Pay Up: How to Collect on Debt Owed

Pay Up: How to Collect on Debt Owed
  • Opening Intro -

    As a small business operator, your business lives or dies based on your income including your receivables.

    As long as your income is above your expenses including your payables, you're in good shape.


Money owed: how to recover what is due to you.

When losses are experienced, you’re faced with cutting back on staff, reducing overhead, or selling off inventory. Things are just not looking good for you.

One problem experienced by small business operators is uncollected debt. Specifically, money owed to you by a client for supplies provided or services given. You’ve already extended credit to this customer — now you must find a way to collect on debt that is past due.

1. Final notice. Send a final notice request to your debtor with the bill included. State that the bill is due upon receipt and provide a way for payment to be made immediately. This can include a deposit sent directly to your bank account or a check delivered to your business. Warn the debtor that further action will be taken if payment is not received such as small claims court.

2. Small claims court. If the amount owed to you is small, then small claims court may be the way to go. Courts typically limit claims to $3,000 to $5,000, to as high as $25,000. If you go to small claims court you will have to take time off from your work. You’ll also have to assemble documentation and prove that you have been wronged. Court costs are your responsibility although if you win the defendant may be required to pay expenses plus what is owed to you.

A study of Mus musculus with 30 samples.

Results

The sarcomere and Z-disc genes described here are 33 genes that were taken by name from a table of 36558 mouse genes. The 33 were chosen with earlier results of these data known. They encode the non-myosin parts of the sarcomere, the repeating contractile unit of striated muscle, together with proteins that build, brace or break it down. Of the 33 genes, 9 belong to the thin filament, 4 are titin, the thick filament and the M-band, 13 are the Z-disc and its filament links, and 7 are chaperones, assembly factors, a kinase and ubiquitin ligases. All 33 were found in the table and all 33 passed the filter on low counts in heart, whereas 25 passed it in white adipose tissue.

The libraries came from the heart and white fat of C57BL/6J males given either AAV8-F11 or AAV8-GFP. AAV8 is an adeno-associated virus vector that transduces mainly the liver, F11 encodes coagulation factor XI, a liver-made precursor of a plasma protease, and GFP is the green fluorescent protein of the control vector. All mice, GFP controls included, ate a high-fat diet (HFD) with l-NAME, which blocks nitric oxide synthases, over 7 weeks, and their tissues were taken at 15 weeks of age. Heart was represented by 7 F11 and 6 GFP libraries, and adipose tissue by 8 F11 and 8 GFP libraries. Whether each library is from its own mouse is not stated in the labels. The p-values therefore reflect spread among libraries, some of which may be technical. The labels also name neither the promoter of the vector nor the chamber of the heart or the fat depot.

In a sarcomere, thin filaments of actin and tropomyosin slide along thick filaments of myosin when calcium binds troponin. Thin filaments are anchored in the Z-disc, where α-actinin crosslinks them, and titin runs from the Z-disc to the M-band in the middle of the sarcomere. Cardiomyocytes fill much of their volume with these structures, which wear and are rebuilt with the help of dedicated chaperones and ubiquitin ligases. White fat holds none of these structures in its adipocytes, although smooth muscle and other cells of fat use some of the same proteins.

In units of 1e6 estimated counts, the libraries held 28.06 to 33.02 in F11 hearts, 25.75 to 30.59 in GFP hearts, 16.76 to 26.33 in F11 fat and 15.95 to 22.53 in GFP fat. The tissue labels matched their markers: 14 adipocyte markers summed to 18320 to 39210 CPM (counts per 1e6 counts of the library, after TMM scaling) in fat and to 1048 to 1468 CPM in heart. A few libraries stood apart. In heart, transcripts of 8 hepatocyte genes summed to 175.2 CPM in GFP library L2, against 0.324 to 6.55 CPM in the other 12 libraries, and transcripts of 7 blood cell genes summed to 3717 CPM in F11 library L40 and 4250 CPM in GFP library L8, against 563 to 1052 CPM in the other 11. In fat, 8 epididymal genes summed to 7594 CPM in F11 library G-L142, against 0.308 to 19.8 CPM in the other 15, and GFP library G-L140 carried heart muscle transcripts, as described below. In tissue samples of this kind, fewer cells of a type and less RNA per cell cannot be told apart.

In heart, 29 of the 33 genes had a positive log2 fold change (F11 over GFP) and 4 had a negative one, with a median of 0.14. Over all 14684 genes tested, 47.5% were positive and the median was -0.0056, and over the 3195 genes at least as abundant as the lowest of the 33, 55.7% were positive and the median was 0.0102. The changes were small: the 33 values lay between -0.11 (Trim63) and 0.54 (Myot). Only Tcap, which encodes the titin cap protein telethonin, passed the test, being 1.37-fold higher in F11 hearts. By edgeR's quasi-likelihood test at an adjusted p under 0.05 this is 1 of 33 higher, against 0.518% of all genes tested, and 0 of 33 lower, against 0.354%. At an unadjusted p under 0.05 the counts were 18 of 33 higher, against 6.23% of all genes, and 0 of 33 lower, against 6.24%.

3. Binding arbitration. Perhaps the amount owed to you is subject to dispute. You claim that the service was performed as required; the other party says that you failed to complete your work. In situations where a dispute is involved, an impartial arbitrator can hear both sides and render a verdict. Arbitration can be an affordable option and may be available through your local Better Business Bureau or Chamber of Commerce. Mediation is another option.

4. Collection agencies. Turning over debt to a collection agency is often the action of last resort for businesses. If all other collection methods fail it may be your only choice. Keep in mind that the collection agency will do everything within its power to collect your debt. They’ll also charge you a handsome fee for successfully recouping your loss. Expect that 25 to 50 percent of your debt will be kept by the collectors, leaving you with the rest. Consider this option when you exhaust all other possibilities and when the debt is at least 90 to 120 days past due.

Debt Considerations

While in court, you will learn what assets your client has available. Know that if his assets are small, your chances of recovering anything are also quite small. In this case writing off the debt may be the best decision, allowing you to claim your loss and go on with your business. Discuss this option with your accountant and your attorney.

See AlsoHow to Kill Zombie Debt


end of post idea


Helpful article? Leave us a quick comment below.
And please give this article a rating and/or share it within your social networks.

facebook linkedin pinterest

Amazon Affiliate Disclosure: is a participant in the Amazon Services LLC Associates Program, an affiliate advertising program designed to provide a means for sites to earn advertising fees by advertising and linking to The commission earnings are used to defray our cost of operation.

View our FTC Disclosure for other affiliate information.

Categories: Business Services

About Author

Matthew C. Keegan

Matt Keegan is a freelance writer and editor as well as publisher of "Matt's Musings", his personal blog. Matt covers campus, consumer, business and financial topics on various websites and blogs, and has been published in the "Houston Chronicle", "Sam's Club Magazine" and "Wisconsin Golfer".